Often, when we think of what it means to be disabled, our definition is centered around what a person is not able to do, rather than what they can. The film Vision Portraits features four creatives with a visual disability who have redefined what they are capable of in the face of blindness.
Film writer and director Rodney Evans introduces a writer, dancer, and photographer, all with significant visual impairments, who are showing the world that although their sight may require them to adjust how they engage with their surroundings, it does not stop them from doing what they love.
While living in New York City, Evans began to notice that something was wrong with his vision. While navigating the subway, people would seem to suddenly appear in front of him. At parties, he would sometimes start to miss social cues when meeting new people. When he finally went to a doctor for a diagnosis, he learned that he had a rare genetic disease that was damaging his retinas and progressively deteriorating his peripheral vision. As a filmmaker and cinephile, this diagnosis not only had a potential impact on the trajectory of his career, but it threatened to hinder his enjoyment of a pastime he has been passionate about for years. Vision Portraits explores the personal journey that Evans has taken from his initial prognosis to the creative he is today. Deeply personal and thought-provoking, Vision Portraits presents a unique narrative that is seldom told about what life is like as an artist without a full sense of sight.
Although Evans had his own story to tell, he didn’t start by focusing on himself. Instead, Vision Portraits tells a story centered around the perspectives of others. What do we see when we can see very little or nothing at all? How does the world change when the lens we use to observe it is altered? If you ask photographer John Dugdale, who lost his vision at 33, at times it can be freeing and beautiful. For dancer Kayla Hamilton, who has had varying levels of vision loss since childhood, it can be terrifying and disheartening. For writer Ryan Knighton, who has spent over a decade without his vision, it can become a normal part of life.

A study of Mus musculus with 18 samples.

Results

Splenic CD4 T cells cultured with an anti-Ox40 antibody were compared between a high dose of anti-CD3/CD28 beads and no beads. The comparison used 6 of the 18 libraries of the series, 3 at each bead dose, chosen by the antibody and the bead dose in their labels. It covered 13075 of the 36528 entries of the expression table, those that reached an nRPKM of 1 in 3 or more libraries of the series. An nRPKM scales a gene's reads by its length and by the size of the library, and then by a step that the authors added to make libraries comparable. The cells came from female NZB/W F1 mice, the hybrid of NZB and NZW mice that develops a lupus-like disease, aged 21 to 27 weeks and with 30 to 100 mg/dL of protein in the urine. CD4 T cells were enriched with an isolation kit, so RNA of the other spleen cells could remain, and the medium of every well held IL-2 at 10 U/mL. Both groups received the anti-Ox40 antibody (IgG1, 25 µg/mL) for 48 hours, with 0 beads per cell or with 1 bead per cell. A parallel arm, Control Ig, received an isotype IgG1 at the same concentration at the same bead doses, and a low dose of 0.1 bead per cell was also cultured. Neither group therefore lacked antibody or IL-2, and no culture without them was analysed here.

For all of them, although they may engage in their respective art forms differently, one thing stays the same–their craft remains a vehicle for them to share their creative vision with the world. As John Dugdale explained while describing how he can direct a photograph based almost entirely on memory and verbal cues, “That is the mystery of all this–is that it’s all inside of your body.”
Evans’ own story grew to be a central aspect of the film’s storyline while he was making critical decisions about the film’s direction during the editing process. “At one point, Hannah Buck, the editor that I worked with, just did a lot of experimentation with the structure,” said Evans, “And I remember one specific time she said, ‘Rodney, this could be one of those films that’s chaptered, and every chapter is really interesting and it’s just fragmented, and it’s got these different episodes, and I think that would be a pretty good movie. Or it could be a movie where you are the throughline. You’re the thread that ties everything together. You’re in conversation with all of these artists. We are learning as an audience what you are absorbing from each of these artists. We are seeing you transform through the process of the film. And that would be a great film. So, I think you have to decide what you want to do. Is this going to be a good film or a great film?’”
Although he didn’t intend to when he first began creating Vision Portraits, the film’s focus evolved from how blindness affects the work of others to the role vision plays in Evan’s own filmmaking career. Through a combination of clips from his previous work, personal interviews, and candid footage, Evans portrays a man of resilience, but also expresses many fears about his future. How will his colleagues react when they understand the extent of his vision loss? What will his life be like if he goes completely blind? And how will he find love in such an unforgiving and selfish world?
If there was anything missing from the film, it was the answers to those questions–not just for Rodney, but for the other subjects as well. After being taken through such an emotional journey and connecting with such personal stories, by the end of the film, viewers are left wondering “What’s next?” Although at a couple moments during the film, Evans alluded to being on the search for those answers himself, it begs the question of whether the process of creating the film brought him any closer or further from finding what he was looking for.